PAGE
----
A changing industry
“Industry conditions this quarter are an affirmation that our industry is in a period of significant change.” That’s one of the first things CEO Clarence Otis of Darden Restaurant Inc. (DRI) said in the company’s second quarter fiscal year 2014 call. The restaurant must adapt, and several strategic action plans were announced that morning, on the same day. These include spinning off Red Lobster, reducing a new unit expansion, focusing more intensively on operating cost efficiency, and refining the incentive compensation plan.
Sales growth is poor
Darden’s second quarter results were poor, missing the company’s own estimates discussed in September this year. Total sales rose 4.6%, to $2.05 billion. But much of this has been driven by new store openings. On a blended same-restaurant sales basis, results for Red Lobster, Olive Garden, and LongHorn Steakhouse as a whole fell 1.0% compared to the same period last year. While LongHorn Steakhouse showed strength, Olive Garden “made good progress” (although not as much as management anticipated according to C. Bradford Richmond), and Red Lobster performed poorly.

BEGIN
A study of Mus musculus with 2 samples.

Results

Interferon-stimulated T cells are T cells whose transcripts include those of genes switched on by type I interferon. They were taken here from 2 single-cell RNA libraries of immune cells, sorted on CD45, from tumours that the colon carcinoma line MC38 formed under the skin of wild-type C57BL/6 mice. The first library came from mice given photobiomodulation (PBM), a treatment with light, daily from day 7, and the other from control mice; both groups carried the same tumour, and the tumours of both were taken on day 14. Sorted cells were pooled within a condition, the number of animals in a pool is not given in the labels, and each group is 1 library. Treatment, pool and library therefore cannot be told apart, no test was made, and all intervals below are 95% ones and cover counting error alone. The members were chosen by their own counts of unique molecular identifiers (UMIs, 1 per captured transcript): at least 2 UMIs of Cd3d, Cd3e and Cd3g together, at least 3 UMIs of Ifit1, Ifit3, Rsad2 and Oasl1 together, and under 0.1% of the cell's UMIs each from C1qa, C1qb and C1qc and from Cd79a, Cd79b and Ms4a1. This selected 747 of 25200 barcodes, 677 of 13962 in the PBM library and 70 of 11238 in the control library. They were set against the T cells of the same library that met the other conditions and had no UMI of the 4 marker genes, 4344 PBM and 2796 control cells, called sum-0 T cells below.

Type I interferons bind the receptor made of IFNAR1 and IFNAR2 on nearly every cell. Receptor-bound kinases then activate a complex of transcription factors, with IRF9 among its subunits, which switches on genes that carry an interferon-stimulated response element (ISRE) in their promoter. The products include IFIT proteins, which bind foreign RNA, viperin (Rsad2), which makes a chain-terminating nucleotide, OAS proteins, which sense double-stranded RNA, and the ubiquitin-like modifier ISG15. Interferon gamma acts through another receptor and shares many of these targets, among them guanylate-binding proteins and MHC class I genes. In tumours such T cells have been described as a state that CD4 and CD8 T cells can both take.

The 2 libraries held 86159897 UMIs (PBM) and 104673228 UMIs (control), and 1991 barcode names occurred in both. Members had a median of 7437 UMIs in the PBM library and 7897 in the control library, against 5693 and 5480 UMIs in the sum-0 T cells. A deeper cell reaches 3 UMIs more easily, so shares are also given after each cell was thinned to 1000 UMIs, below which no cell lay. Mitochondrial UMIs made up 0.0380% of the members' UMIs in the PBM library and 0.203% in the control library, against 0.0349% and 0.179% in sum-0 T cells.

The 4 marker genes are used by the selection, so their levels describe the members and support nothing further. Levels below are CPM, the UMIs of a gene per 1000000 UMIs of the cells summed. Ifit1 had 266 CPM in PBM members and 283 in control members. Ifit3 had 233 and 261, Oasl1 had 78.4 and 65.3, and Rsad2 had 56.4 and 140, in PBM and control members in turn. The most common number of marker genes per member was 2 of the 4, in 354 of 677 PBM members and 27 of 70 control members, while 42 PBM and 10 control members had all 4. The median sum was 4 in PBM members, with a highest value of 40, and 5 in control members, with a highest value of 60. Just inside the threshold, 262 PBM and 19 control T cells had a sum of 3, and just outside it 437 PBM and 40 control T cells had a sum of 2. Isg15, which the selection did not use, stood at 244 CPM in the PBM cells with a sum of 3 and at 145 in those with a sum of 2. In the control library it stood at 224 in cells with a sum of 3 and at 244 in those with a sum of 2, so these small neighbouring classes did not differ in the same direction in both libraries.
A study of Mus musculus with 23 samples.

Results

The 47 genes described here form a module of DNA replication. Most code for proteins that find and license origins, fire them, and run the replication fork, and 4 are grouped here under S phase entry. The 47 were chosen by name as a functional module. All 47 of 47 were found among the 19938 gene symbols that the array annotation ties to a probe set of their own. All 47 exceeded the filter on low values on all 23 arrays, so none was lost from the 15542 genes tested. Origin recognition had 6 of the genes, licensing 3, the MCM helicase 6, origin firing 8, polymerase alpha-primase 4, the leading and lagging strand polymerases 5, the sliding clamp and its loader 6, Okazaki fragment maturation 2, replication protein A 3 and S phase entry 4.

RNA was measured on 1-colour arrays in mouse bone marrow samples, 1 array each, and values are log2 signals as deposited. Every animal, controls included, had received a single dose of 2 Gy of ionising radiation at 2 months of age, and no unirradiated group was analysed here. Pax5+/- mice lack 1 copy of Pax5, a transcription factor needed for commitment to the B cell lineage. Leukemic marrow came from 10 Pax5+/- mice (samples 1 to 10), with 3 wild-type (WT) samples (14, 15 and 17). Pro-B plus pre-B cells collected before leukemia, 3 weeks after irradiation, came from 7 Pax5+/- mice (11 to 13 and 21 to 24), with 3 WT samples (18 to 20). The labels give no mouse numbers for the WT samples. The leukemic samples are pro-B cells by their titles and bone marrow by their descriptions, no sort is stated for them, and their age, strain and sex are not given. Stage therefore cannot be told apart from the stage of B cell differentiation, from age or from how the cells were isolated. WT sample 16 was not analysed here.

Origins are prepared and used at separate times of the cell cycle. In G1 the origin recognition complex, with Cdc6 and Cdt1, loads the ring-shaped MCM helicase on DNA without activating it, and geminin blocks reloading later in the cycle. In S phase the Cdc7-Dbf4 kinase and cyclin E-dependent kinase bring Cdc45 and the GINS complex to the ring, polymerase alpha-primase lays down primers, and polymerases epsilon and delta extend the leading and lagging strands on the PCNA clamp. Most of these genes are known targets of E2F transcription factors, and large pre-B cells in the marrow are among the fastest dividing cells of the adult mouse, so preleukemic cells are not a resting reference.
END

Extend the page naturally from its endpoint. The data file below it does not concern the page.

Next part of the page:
In terms of costs, food and beverage expenses were 0.35% higher than last year based on percent of sales, driven by higher shrimp and land-based protein costs. Restaurant labor expenses were 0.65% above last year as a percent of sales due to wage inflation, reduced productivity, and sales deleveraging at Red Lobster. Sales deleverage occurs when costs that have “fixed” qualities are spread across lower guest counts or checks per guest. Lower sales also negatively impacted restaurant expenses—which were already above last year due to higher repair and maintenance costs and workers’ compensation expenses.
On a slightly positive side, note that selling, general, and administrative expenses (which have historically been a significant part of the company’s overall strategy) fell 25 basis points (0.25%) due to decreased media expense at Red Lobster and Olive Garden.